During his budget speech, Finance Minister Edward Scicluna announced that the legacy created by Valletta 2018 will be carried forward in the coming years with the establishment of the Valletta Cultural Agency. As the Valletta 2018 Foundation’s work concludes this year, the Government will establish the Valletta Cultural Agency to serve as a main reference point for the development and for cultural activities in the Capital, and to carry forward the legacy created by Valletta 2018. The Agency will also follow up on Valletta’s cultural regeneration, with a view to up the level of infrastructure and services.
Today delegates gather at Fort St Elmo to discuss the legacy of Valletta 2018 – and compare it to that of other European capitals of culture. The participants will discuss sharing economy, pedestrianisation and green spaces, community involvement and similar topics. You can follow fresh updates from the conference on our Twitter profile: @evemalta, as well as using the conference hashtag, #stl2018.
Valletta 2018 has stimulated all senses, Deo Debattista, whose parliamentary secretary mandate covers Valletta 2018, told at the conference, as a unique tactile exhibition that evens out the artistic experiences of people with and without visual impairments is ongoing at University of Malta Valletta Campus.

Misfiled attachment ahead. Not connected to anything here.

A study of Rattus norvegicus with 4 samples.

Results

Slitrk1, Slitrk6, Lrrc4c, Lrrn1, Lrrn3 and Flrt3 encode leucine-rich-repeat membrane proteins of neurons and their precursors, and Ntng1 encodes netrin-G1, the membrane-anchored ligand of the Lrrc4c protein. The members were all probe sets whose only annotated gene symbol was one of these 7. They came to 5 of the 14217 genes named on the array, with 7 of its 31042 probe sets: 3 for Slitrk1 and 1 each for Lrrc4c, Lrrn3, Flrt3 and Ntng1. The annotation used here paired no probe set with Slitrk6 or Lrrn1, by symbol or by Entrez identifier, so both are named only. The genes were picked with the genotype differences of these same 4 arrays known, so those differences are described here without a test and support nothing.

In the meantime, let’s look at some of the highlights of Valletta 2018 during this exciting year. The Valletta 2018 opening celebrations brought together the Maltese international DJ Tenishia and the Malta Philharmonic Orchestra in a celebration that sprawled to the streets from four main squares. Poetry events elevated mundane potatoes to a new cultural height, connecting Malta and the Netherlands along the way.
Valletta 2018 was an occasion for arts superstars to visit Malta, from a famous Italian harlequin to a Grammy-winning violinist and, coming soon, Marina Abramović. An underground installation attracted numerous visitors and was later shortlisted for an international award.
Art events left concert and exhibition halls and flooded various unusual spaces – from catacombs to people’s homes for Altofest. Mewġa Mużika went on to invite the general public to become musicians Darba Waħda connected generations in storytelling, and a new digital archive of people’s memories is being born. A brand new opera in Maltese tackled the topic of asylum, and related issues were also addressed artistically in various Rima workshops.
Some events changed the look of the city – if only for a few days. St George’s square has been a beach volley ground and a floral carpet. In case you’re not yet convinced how desperately we need greenery and flowers, there was an art exhibition to visualise, among other things, the future if environmental destruction continues (read an interview with one of the environmentalist artists here). And for those still struggling to navigate the grid of Valletta’s streets, there are subjective maps now.